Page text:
Wis. county sheriff defends hiring convicted killer
The man served 13 years after pleading guilty for killing and dismembering his live-in girlfriend
SHEBOYGAN, Wis. — A Wisconsin sheriff has defended his decision to hire a man convicted of killing and dismembering his girlfriend nearly 40 years ago in Texas.
Rafael George Macias has worked as a radio technician for the Sheboygan County Sheriff's Department since 2011 after performing similar duties as a contract employee for 10 years.
Macias was a 20-year-old airman at Carswell Air Force Base in North Texas when he pleaded guilty to killing and dismembering his live-in girlfriend, Julia Adams, in 1977. Macias was sentenced to 40 years in prison, but released after 13 years.
While at the Texas State Penitentiary at Huntsville, Macias earned an associate degree as a radio technician. He eventually moved to Wisconsin and ended up working at his cousin's radio shop.
Macias told The Associated Press on Thursday that he never lied about his past and was upfront with Sheriff Todd Priebe when he wanted to bring him on as a regular employee. Details of the case resurfaced when an anonymous letter was sent recently to media outlets, including the Milwaukee Journal Sentinel, questioning why Sheboygan County employees had to work with someone who committed such a horrible crime.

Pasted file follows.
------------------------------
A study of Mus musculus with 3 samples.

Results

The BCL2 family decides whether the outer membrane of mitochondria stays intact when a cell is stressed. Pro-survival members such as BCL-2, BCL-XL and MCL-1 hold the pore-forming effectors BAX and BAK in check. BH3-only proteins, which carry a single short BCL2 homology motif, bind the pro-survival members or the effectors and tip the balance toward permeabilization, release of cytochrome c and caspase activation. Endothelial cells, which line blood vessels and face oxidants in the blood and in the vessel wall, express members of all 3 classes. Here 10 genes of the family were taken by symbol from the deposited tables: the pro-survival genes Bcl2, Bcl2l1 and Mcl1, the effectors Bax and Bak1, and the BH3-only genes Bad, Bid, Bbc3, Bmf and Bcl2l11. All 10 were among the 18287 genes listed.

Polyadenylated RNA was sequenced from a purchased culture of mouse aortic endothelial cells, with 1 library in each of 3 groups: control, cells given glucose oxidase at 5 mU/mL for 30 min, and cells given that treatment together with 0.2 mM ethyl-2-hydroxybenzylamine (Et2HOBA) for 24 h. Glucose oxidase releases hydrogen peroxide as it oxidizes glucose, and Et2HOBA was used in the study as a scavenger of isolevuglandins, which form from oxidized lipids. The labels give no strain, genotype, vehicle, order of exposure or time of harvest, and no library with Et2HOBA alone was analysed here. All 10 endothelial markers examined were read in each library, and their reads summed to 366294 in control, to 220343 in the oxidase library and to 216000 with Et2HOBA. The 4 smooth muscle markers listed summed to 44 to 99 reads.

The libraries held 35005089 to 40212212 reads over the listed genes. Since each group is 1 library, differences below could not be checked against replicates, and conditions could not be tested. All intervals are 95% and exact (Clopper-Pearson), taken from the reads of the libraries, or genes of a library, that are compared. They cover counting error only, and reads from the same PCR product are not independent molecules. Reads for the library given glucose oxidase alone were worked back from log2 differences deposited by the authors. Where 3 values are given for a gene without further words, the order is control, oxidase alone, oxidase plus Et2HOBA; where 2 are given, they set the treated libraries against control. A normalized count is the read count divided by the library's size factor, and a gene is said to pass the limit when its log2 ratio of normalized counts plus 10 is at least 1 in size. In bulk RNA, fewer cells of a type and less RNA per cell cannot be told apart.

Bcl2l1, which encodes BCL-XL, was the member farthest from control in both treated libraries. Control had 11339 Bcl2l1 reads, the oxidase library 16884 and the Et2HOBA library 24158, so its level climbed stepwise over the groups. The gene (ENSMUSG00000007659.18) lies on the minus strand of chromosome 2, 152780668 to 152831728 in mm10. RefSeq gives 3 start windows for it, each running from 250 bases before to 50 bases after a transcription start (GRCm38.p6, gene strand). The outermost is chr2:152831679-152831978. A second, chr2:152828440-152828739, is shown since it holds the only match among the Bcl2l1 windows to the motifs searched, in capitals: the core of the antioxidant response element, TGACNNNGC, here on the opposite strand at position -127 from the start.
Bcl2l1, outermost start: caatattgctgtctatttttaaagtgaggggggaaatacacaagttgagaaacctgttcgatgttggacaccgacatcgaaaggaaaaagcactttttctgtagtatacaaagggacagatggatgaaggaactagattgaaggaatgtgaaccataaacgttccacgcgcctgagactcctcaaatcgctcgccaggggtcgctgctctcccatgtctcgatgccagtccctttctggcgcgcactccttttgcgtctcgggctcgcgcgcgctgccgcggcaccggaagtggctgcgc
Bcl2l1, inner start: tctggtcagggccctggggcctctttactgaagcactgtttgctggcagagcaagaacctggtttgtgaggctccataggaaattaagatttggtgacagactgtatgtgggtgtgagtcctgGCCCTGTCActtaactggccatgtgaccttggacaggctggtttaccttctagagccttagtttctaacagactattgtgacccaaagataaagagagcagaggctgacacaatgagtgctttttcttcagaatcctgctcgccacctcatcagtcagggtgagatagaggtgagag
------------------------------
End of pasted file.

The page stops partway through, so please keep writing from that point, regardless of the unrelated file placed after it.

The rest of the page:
Macias said he's not sure what the motivation was in bringing up his crime to the media, but knows he has Priebe's support.
"You can't change what happened. It happened," Macias said. "What you can do is change what you do in the future and don't put your life to waste."
Priebe said Macias has proven himself as a trusted employee and is a rehabilitation "success story."
Macias said through faith, anger management counseling and maturity he has become a better man.
"As far as I'm concerned, that guy is dead," Macias said referring to his younger self, adding, "It was a fit of rage."
Priebe said he will meet with the county board's law committee at its request to discuss the hiring, but the committee does not have the authority to overrule his decision.